According to the Wireless Broadband Alliance (WBA), the Mettis Aerospace factory located in the U.K. has successfully completed the first round of testing for WiFi 6, including infrastructure and services.
This phase one test was developed to see how the latest initialization of WiFi will work, specifically to analyze whether it will be able to handle the onslaught of IoT devices coming to the market. Additionally, developers need to know whether WiFi 6 will be able to handle IoT devices in an environment crowded with other WiFi and numerous IoT devices at once.
This trial stands as a first of its kind and the WBA saw it as an important first step in the development program.
Technically, WiFi 6 is already on the market inside some of the devices you probably use every day: mobile phones, the latest wireless routers and other connected devices. You may also know WiFi 6, 802.11ax, the follow up to 802.11ac.
What’s new with WiFi 6?
- Faster speeds
- Lower latency
- Better performance when there are multiple devices on the same network
- This makes it a great option for factory and/or office settings where there may be numerous IoT devices and other equipment that require a ton of bandwidth.
Why are these standards important?
We live in an interconnected world. It seems that practically everything has a WiFi enable-able counterpart these days. Tablets, smartphones, webcams and laptops (just to name a few) all depend on a decent WiFi signal to transmit data.
WiFi 6 testing
The testing took place at Mettis Aerospace facility, located in the West Midlands in the U.K. from October 2019 to December 2019. The WBA reported that the testing became challenging. In order to meet the specifications asked of it, WiFi 6 had to allow for total connectivity for both machines and equipment that have both control systems and onboard centralized monitoring.
Testers expected the technology to respond with real-time, high-bandwidth networking. Additionally, WiFi 6 needed to do this with low latency while prioritizing the movement of data across a large factory that was full of noise, interference and other impediments to WiFi.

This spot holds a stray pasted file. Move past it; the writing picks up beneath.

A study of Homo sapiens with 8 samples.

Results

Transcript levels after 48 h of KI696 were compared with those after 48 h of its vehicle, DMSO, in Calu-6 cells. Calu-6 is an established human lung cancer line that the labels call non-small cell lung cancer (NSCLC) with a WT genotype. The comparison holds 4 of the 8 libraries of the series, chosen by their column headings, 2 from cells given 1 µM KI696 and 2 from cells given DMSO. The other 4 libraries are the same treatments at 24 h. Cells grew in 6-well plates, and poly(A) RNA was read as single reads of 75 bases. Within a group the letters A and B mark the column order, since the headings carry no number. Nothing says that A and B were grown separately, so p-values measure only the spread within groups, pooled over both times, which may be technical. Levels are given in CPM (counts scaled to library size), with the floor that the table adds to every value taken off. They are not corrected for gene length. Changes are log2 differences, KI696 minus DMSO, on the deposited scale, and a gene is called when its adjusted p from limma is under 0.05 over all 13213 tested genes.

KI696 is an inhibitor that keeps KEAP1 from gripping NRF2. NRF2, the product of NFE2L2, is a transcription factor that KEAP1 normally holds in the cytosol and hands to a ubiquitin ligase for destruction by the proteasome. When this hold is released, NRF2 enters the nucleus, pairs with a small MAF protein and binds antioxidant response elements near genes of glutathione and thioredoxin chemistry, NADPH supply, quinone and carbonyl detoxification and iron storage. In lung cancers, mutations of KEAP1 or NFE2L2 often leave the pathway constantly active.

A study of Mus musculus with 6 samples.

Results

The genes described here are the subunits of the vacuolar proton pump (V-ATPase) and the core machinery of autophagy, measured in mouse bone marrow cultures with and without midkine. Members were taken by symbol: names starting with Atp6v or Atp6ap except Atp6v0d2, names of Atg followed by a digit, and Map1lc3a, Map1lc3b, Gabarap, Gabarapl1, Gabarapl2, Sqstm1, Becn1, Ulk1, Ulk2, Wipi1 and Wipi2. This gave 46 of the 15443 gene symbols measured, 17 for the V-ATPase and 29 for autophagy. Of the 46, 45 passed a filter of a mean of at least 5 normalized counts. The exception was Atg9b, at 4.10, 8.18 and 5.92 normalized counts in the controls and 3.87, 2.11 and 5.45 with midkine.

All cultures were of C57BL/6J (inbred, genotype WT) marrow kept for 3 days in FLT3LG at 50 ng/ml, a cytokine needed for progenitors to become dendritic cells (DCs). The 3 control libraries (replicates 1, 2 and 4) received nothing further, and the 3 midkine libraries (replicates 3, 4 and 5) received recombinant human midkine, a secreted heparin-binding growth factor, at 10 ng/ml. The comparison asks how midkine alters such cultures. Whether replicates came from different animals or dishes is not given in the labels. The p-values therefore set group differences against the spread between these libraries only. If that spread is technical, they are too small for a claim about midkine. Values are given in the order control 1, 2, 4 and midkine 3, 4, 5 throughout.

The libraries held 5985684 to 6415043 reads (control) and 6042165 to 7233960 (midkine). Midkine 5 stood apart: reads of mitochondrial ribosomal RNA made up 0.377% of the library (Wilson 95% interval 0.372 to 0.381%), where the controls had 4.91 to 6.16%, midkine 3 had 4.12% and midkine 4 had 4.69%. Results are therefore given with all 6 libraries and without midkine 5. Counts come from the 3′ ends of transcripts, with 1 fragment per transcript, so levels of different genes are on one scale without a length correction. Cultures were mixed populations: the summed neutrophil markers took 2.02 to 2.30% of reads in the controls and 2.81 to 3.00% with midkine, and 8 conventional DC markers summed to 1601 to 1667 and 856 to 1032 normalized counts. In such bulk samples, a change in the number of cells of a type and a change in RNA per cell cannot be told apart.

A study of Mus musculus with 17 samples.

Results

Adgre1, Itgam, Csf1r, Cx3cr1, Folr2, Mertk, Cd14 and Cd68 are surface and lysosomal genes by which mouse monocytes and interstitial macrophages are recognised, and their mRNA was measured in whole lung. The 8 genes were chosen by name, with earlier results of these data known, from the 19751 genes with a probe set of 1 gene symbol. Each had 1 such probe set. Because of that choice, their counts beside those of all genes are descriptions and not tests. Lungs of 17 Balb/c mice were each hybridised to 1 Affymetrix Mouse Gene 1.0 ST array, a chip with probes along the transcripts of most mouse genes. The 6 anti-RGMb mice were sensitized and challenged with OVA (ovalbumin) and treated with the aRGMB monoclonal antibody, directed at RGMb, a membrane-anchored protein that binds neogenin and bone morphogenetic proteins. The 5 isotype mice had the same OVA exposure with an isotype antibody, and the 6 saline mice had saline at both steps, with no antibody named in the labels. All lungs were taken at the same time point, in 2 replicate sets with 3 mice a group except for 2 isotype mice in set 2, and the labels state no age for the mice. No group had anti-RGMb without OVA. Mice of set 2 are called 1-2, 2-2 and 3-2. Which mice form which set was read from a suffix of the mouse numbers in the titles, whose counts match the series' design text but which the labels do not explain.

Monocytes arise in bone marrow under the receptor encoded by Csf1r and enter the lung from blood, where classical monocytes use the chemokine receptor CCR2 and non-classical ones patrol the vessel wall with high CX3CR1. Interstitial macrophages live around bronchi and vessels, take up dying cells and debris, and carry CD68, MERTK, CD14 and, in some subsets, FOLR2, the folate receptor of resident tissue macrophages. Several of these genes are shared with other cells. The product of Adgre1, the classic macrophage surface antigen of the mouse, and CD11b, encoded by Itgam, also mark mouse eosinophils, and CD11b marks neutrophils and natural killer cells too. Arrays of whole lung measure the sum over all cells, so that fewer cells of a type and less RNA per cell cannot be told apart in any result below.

In the past, other WiFi testing done at the Mettis factory failed. When WiFi 4 was in the testing phase, it failed simply using 2 access points and a laptop. They were only able to achieve intermittent connectivity at the time, which wasn’t enough power to result in a stable WiFi network.
The results of the testing showed that WiFi 6 was capable of generating speeds upwards of 700 Mbps over an 80 MHz channel. Additionally, both video streaming and calling showed low latency (below 6ms).
WiFi 6 testing methods
To ensure that WiFi 6 was capable of meeting the required standards, testers performed the following tests:
- Uploading very large video files via WiFi
- 4k YouTube streaming
- Performing on a laptop featuring an Intel AX200 chip
- Augment reality testing on machinery equipped with WiFi 6 chipsets
- Streaming via a webcam mounted on machinery in 4k
- Checks for roaming, persistent connectivity and latency on smartphones using WiFi video calling
So far, all testing for WiFi 6 has been favorable. Developers, of course, won’t stop there. As consumers demand more powerful connections, look for new developments in WiFi in the near future.